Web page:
The hilarity of <em>I Hate Hamlet</em> exists not only in its dialogue, but also in the actors' physical comedy.
Courtesy Photo

Circle Bar B Theatre ends this season on a high note with a hilarious production of I Hate Hamlet. The play is set in a New York apartment that was previously inhabited by the legendary actor John Barrymore. Andrew, a young TV actor, has just moved into Barrymore’s apartment. Although he achieved fame on the fictional television show L.A. Medical, Andrew feels woefully inadequate for the lead role in Hamlet at the Shakespeare Festival in Central Park. His real estate agent, Felicia, is mightily pleased with her discovery, which she describes in her loud New York accent as “preordained.” Susie Couch transforms convincingly into the gaudy, brash Felicia, giving her an air of humorous self-inflation. Felicia has never heard of Hamlet, but she can orchestrate a seance in order to summon the ghost of Barrymore.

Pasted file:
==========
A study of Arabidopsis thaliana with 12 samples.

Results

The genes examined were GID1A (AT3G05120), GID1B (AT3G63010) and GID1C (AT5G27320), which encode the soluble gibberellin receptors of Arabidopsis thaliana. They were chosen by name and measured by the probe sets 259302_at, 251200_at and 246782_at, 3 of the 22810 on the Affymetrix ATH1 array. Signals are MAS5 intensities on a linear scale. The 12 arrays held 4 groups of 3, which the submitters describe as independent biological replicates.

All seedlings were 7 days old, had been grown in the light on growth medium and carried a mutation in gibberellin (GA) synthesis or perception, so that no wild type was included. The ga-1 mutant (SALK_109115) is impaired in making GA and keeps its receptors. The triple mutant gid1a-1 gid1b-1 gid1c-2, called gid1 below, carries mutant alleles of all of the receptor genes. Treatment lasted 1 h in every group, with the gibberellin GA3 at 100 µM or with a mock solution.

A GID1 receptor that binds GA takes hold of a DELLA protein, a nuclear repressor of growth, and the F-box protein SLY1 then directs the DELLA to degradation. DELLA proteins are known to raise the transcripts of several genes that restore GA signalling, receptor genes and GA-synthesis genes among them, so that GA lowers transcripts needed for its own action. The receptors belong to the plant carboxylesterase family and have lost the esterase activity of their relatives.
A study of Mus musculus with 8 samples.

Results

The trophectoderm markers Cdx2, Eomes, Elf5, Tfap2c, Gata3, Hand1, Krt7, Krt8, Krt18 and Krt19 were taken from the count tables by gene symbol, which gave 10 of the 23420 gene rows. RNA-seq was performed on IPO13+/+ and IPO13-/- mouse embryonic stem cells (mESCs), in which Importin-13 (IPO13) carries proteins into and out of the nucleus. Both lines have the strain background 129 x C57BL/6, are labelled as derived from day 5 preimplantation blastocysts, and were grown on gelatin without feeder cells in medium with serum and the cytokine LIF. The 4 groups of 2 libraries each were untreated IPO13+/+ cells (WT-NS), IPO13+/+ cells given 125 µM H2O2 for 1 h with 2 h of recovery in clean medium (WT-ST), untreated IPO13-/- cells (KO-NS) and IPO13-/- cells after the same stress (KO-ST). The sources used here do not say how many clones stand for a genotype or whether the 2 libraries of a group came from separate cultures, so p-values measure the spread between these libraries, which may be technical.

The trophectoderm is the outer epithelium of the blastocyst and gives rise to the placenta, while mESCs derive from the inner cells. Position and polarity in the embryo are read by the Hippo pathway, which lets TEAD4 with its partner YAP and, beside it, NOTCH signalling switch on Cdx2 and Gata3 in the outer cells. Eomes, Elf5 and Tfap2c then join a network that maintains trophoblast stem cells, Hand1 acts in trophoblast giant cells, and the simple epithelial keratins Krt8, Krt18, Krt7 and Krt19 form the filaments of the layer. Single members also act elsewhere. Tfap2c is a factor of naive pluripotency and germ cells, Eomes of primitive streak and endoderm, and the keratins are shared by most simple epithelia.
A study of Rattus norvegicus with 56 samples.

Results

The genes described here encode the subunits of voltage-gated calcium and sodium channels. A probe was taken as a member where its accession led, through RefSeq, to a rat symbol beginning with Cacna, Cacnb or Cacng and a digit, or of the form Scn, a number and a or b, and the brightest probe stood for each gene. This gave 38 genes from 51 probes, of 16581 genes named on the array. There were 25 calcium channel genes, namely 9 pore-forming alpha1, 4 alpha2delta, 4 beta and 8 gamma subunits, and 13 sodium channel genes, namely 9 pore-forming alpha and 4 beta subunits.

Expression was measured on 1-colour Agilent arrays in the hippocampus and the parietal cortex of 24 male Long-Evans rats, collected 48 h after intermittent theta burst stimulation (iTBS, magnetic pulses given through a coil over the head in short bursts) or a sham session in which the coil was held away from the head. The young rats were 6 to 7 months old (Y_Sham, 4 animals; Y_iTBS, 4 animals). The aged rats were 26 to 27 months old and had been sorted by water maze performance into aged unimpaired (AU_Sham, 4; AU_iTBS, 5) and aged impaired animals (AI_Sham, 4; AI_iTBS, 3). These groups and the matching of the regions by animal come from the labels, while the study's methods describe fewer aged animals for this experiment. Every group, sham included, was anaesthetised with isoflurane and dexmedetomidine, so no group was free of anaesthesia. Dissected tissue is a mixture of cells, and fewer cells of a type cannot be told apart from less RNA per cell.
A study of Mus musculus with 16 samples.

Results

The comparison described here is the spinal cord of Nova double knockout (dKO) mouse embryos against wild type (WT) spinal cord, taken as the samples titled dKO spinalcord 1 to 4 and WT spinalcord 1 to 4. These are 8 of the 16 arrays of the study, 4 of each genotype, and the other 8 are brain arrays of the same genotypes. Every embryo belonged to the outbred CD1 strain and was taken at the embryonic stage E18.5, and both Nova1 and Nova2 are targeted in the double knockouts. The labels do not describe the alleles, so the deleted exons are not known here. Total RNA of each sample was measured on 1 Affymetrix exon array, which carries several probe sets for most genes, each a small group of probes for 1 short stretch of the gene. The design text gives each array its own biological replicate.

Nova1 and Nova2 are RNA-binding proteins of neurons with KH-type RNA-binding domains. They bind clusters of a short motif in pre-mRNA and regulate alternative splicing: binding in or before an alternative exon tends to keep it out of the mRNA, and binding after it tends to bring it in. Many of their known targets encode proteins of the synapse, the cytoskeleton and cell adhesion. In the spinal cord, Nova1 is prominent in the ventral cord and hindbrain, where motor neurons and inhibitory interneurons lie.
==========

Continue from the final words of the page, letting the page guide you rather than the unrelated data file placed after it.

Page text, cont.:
The fun begins as soon as Barrymore appears in Hamlet’s costume-black velvet tights, codpiece and all. Embodying the younger, lithe Barrymore of the 1930s, Brian Harwell is marvelous at portraying the great actor’s complexity. When he is grandiose and pompous, he gestures broadly, saying, “I do not overact-I simply possess the emotional resources of 10 men!” Both seductive and tender, Barrymore proclaims that “Shakespeare is the most potent aphrodisiac.” We see just how true this line is when Deirdre, Andrew’s 29-year-old virgin girlfriend, gets excited about Hamlet.

The synergy between Andrew and Barrymore deepens at the beginning of Act II. To encourage a nervous Andrew before his debut, Barrymore recites an impassioned speech from Hamlet-the famous advice to the actors. In contrast, Andrew’s friend Lefkowitz (Adam Trent) cannot fathom why Andrew rejects a three-million-dollar offer by Hollywood and would rather perform “for the squirrels in the park.” The scenes with Andrew (Mike Driscoll) and Deirdre, his dreamy Goldilocks-like girlfriend (Leesa Beck), as well as a romantic interlude with Barrymore and his former lover Lillian (Kathy Marden) accentuate the melodramatic aspects. Whether or not you like Shakespeare, you’ll thoroughly enjoy I Hate Hamlet. It’s a clever, funny, and well-acted piece. Bravo, Circle Bar B!

Additionally, this production is donating a portion of its ticket sales to the performing arts programs at San Marcos and Dos Pueblos high schools.